Koolau Poko Sustainable Communities Plan: Cemetery expansion continues to raise concern

KAHALUU—The overall scheme of Koolau Poko’s updated Sustainable Communities Plan is firstly the protection of cultural, agricultural, natural, and scenic resources. Second is replacing some of the region’s aging infrastructure. While there’s substantial time left before the plan makes its way to the Honolulu City Council, comments for the preliminary revisions are due on Wednesday October 27.

The revisions include expanding the area’s main cemetery, designating sites for future recreation facilities, ensuring proper use of agricultural lands, and protecting the wellbeing of the area’s senior citizens.

Under the current draft of the Koolau Poko Sustainable Communities Plan, residents worry that a proposed expansion of the Hawaiian Memorial Park Cemetery would be allowed because the cemetery sits on preservation land, which allows for both cemeteries and golf courses.

The cemetery’s expansion has been opposed by both the Kaneohe Neighborhood Board, the Kaneohe Bay Regional Council, State Sen. Jill Tokuda, and Rep. Ken Ito—all of whom wish to keep the land zoned as conservation land.

The undeveloped portion of the cemetery is zoned as conservation by the State and P1 by the City. Uses under a P1 zoning require a Conservation District Use (CDU) permit. The State Land Use Commission rules on all CDUs and has already ruled against the cemetery’s expansion.

Conservationist Bill Sager blogged about residents apprehension to the cemetery’s expansion at a September scoping meeting for the Koolau Poko Sustainable Communities Plan: “The whole thing was a big hullabaloo over nothing. Only the Land Use Commission (LUC) has jurisdiction over uses permitted on P1 zoned land. The LUC has already ruled against the proposed cemetery expansion. It is probable that when the make up of the LUC changes, the Hawaii Memorial Park may re-submit their Conservation District Use Application. Opponents of the expansion are afraid that the change in wording in the [Koolau Poko Sustainable Communities Plan] will make it easier for the LUC to approve a re-submitted CDUA.”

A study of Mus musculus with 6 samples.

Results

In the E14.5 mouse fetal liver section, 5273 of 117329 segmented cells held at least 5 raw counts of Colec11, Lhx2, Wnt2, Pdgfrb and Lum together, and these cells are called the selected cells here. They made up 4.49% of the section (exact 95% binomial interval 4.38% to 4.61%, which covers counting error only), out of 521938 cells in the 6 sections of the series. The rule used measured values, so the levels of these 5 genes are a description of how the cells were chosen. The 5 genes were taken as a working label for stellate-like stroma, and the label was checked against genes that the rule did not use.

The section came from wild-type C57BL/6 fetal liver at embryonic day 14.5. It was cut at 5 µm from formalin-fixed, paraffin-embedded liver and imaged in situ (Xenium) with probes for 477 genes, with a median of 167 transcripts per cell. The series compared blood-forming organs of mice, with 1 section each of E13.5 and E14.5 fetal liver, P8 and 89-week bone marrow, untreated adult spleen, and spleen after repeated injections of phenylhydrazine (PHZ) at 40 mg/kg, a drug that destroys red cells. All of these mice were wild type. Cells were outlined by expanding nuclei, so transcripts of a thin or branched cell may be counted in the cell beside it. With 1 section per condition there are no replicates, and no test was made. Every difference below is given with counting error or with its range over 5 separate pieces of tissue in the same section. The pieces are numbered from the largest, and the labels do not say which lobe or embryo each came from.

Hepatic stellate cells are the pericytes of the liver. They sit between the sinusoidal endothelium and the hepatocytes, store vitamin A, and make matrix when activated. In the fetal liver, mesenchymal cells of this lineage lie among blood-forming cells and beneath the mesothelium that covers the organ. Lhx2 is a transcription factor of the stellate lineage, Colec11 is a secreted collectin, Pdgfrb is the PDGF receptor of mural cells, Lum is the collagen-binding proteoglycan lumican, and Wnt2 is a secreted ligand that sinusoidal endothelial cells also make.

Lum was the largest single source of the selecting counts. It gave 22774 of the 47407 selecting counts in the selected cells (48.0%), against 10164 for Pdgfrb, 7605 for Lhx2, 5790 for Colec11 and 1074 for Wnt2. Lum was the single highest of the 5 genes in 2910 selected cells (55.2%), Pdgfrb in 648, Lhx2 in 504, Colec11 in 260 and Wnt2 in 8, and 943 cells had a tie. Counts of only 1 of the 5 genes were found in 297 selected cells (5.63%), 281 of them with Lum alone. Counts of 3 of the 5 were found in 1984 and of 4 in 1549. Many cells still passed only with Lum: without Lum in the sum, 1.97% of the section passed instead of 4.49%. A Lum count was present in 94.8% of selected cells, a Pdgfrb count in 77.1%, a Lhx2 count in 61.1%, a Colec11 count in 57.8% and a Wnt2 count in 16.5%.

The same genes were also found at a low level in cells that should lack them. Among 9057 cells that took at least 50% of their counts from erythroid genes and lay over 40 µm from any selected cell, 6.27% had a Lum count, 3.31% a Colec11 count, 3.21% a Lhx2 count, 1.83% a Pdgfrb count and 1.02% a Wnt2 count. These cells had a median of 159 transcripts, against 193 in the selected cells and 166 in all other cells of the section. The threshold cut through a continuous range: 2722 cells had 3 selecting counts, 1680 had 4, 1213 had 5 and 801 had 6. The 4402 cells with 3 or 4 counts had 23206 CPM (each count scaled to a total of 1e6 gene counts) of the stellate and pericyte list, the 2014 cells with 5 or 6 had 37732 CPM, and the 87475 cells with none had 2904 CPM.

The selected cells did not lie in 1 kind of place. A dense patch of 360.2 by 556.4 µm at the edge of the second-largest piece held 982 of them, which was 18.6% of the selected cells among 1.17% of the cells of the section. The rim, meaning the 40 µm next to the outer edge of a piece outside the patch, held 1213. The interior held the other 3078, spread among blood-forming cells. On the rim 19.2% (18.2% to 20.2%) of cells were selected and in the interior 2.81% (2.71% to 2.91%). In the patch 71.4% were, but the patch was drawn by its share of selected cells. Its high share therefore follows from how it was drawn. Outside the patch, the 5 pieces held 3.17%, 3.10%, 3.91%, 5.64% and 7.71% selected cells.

The Hawaiian Memorial Park Cemetery Expansion Draft Environmental Impact Statement received over 100 written comments in opposition to the development. One concern was that neighborhoods in the area suffer from flooding during heavy rains. Under the draft EIS, the cemetery plans to retain only “additional” runoff per the City’s drainage standard of a 10 year, 1-hour storm level, which means more water would exit the cemetery property than under the current undeveloped state of the land.

Aside from the cemetery expansion, the Koolau Poko Sustainable Communities Plan also recognizes plausible sites for future recreational facilities, which include Kahaluu Regional Park and Bellow Field Beach Park (when that site is released by the military for such use). The former landfill site at Kapaa has already been landscaped for eventual park use.

The plan makes sure agricultural lands are used for that purpose and not for meeting facilities or other conditional uses, although some commercial agricultural plots can host picnics, polo matches, rodeos, as well as tours of botanical gardens, fishponds, and loi. Thrills crafts—such as ATVs, dirt bikes, and buggies—are generally not considered compatible.

And finally, the plan also addresses the region’s aging population by providing for multi-generation households, group homes, assisted living units, and retirement communities. However, residential units are limited to no more than two stories in height.

To read the Koolau Poko Sustainable Communities Plan, visit http://www.honoluludpp.org/planning/DevSust_Koolaupoko.asp.

To view all Sustainable Communities Plans, go to http://www.honoluludpp.org/planning/dpmap.pdf and click on the map.


There are a number of ways to submit a comment on any of the Sustainable Communities Plans (always include your name and address or contact info).

1. Send a a letter to:
Department of Permitting and Planning
7th floor, 650 S. King St.
Honolulu, HI 96813

2. Fax (808) 768-6743

3. Email [email protected]

For more information, call the Department of Permitting and Planning at (808) 768-8007 or visit http://www.honoluludpp.org.



Read “Development and Sustainable Communities Plans direct Oahu’s future, everyone has a say” by Samson Kaala Reiny.